Since the Eurovision Song Contest began in 1956, there have been 43 Eurovision host cities. Eurovision offers a great opportunity to profile a host city to an international audience whilst attracting tens of thousands of visitors during the contest itself . One of the aims of this blog is to visit each and every Eurovision host city.
What does it take to become a Eurovision Host City?
Once a country wins the Eurovision Song Contest, it’s time to consider which city should host the contest in the following year. As Eurovision tradition dictates, the winning nation is given the opportunity to host in the following year.
Although, some smaller towns have hosted the contest (such as Millstreet in 1993, a town with a population of less than 2,000 people), today the contest is larger than ever. This means that there are certain criteria required for a city to host the Eurovision Song Contest.
A Eurovision host city today must have the following:
- A venue which can host around 10,000 fans and a press centre close by for 1,500 journalists.
- Easy access to an international airport.
- At least 2,000 hotel rooms for delegates, journalists and spectators.
In recent years these criteria have meant that many cities are not longer able to host the contest even though they may have done so in the past.
Are Eurovision Host Cities always the Capital City?
Not necessarily, although capital cities are usually in the running, as they often have the necessary infrastructure to host the content.
But that doesn’t mean that Eurovision will always take place in a capital city. There are many instances where a smaller city has become the Eurovision Host City.
Although capital cities often have the largest venues for the contest, these venues are often booked by international artists far in advance. The Eurovision Song Contest requires full access to the venue for 6 to 8 weeks ahead of the contest. This would mean that any venue with bookings for that period is unlikely to host the contest. For large venues like the O2 in London or Wembley Arena, this could make it difficult for them to host the contest as it would mean cancelling existing events and potentially losing income.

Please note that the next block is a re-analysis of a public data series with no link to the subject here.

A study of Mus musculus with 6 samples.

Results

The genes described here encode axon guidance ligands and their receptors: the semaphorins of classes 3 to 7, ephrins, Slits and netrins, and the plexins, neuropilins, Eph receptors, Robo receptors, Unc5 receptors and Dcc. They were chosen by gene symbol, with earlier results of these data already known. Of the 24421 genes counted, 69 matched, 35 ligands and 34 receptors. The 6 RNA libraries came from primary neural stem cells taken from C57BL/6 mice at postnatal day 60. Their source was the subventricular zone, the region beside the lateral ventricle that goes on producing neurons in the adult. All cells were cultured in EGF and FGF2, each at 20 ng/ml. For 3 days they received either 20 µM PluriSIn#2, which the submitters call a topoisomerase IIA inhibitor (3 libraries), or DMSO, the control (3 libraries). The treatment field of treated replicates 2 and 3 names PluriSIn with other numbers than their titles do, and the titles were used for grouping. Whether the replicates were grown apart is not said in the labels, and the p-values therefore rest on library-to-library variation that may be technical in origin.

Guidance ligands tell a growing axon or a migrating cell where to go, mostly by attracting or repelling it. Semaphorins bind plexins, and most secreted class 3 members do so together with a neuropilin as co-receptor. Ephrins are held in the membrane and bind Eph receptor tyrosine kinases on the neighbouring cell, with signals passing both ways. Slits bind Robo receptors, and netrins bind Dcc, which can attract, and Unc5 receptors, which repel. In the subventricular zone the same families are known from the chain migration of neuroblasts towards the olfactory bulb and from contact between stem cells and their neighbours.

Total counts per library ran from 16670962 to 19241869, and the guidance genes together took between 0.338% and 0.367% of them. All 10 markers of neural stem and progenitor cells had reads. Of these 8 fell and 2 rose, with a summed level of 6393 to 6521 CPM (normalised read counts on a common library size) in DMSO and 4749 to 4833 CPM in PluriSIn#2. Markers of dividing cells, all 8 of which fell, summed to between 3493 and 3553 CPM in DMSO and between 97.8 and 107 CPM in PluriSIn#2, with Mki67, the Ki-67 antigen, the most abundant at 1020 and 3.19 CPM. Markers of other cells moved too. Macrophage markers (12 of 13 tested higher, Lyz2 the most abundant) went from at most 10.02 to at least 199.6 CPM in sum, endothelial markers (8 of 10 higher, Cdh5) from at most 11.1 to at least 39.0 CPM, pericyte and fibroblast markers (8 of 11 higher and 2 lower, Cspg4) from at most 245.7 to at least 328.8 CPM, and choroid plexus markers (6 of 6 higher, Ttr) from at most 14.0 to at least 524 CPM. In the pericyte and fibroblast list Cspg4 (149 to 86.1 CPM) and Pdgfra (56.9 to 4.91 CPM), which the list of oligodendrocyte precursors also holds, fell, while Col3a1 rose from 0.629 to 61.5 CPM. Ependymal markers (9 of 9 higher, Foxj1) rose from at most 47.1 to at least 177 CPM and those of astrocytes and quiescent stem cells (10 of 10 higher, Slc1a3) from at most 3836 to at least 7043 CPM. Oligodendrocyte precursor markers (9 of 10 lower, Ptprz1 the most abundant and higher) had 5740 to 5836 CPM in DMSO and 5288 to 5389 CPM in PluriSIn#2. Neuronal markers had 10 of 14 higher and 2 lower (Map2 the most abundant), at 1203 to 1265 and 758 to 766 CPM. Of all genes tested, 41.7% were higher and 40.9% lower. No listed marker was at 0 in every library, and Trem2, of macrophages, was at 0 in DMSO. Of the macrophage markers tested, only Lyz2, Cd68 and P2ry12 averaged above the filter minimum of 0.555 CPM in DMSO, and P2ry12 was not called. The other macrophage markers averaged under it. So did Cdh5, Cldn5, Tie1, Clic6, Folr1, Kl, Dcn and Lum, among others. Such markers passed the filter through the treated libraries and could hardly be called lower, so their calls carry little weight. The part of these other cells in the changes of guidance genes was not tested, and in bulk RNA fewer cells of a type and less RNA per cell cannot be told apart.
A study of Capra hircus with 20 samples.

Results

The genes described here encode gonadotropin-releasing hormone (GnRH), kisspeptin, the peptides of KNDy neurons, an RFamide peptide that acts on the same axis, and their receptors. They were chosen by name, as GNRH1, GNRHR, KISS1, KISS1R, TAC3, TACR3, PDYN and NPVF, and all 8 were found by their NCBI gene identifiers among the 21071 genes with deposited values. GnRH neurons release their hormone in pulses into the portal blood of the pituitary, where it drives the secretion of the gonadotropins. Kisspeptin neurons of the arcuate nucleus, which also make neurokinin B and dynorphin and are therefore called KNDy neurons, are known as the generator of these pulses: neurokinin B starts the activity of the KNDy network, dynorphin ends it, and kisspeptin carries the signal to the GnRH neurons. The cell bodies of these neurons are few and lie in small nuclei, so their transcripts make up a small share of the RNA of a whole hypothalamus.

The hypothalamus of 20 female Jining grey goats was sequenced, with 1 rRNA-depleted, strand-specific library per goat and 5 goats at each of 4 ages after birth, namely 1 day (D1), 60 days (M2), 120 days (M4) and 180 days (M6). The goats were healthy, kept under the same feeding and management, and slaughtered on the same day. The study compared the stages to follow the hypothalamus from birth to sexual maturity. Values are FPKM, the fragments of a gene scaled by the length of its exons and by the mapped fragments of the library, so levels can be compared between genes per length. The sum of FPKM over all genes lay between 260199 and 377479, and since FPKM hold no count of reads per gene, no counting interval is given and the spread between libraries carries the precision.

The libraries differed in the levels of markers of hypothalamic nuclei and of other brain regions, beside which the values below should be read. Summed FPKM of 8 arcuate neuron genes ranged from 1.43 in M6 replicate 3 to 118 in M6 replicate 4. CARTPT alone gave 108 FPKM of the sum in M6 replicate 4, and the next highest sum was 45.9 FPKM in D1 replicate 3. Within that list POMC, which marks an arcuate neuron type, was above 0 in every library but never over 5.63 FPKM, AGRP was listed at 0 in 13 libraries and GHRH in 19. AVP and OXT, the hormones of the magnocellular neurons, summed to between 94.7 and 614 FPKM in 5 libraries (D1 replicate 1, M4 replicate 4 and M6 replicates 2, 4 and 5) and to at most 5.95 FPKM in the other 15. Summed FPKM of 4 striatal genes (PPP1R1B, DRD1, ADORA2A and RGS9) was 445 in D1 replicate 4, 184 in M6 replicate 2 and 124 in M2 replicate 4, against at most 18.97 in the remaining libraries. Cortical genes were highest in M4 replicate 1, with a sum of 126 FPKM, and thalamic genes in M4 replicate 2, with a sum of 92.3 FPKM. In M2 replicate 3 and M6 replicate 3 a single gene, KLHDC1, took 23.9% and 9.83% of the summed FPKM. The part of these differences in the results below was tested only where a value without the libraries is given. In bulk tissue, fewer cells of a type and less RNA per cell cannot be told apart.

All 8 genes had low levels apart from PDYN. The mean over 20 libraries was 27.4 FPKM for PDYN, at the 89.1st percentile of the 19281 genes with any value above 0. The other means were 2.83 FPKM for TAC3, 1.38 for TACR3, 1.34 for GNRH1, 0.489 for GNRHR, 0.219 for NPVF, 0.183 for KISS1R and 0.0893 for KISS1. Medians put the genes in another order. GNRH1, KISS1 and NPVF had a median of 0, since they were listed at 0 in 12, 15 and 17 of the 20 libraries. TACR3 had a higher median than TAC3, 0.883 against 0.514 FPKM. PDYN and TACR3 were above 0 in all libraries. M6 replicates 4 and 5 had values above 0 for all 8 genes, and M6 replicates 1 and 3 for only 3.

Some host countries may want to share the benefits of hosting Eurovision, especially if the capital city already attracts large numbers of visitors.
As a consequence, smaller cities can often become Eurovision host cities. In 2011, Dusseldorf was chosen over Berlin. Similarly in 2020, Rotterdam was chosen above Amsterdam.
What about smaller countries?
The criteria for becoming a Eurovision host city could pose problems for some countries. San Marino is a great example; the micro state is one of the smallest nations in the contest. In the event of winning the contest, it is unlikely that San Marino would be able to host the contest as it lacks much of the required infrastructure.
There is little precedent for what would happen here as it hasn’t happened yet. However it’s likely that the European Broadcasting Union would need to source an alternative host nation. It’s likely that the broadcaster from the winning nation would jointly host the contest, as would happen if Australia won.
The winning nation can also decline the opportunity to host the contest for any reason. This has happened five times historically. The United Kingdom stepped in as host on four of these occasions.
What if the Host City doesn’t have a suitable venue?
It’s not uncommon for a venue to build especially for the Eurovision Song Contest or for an existing building to be repurposed.
In 2012, the Baku Crystal Hall was constructed to host the contest. Eurovision 2014 was hosted inside a former ship building factory and Eurovision 1993 was hosted in a temporary venue built at an equestrian centre in Millstreet.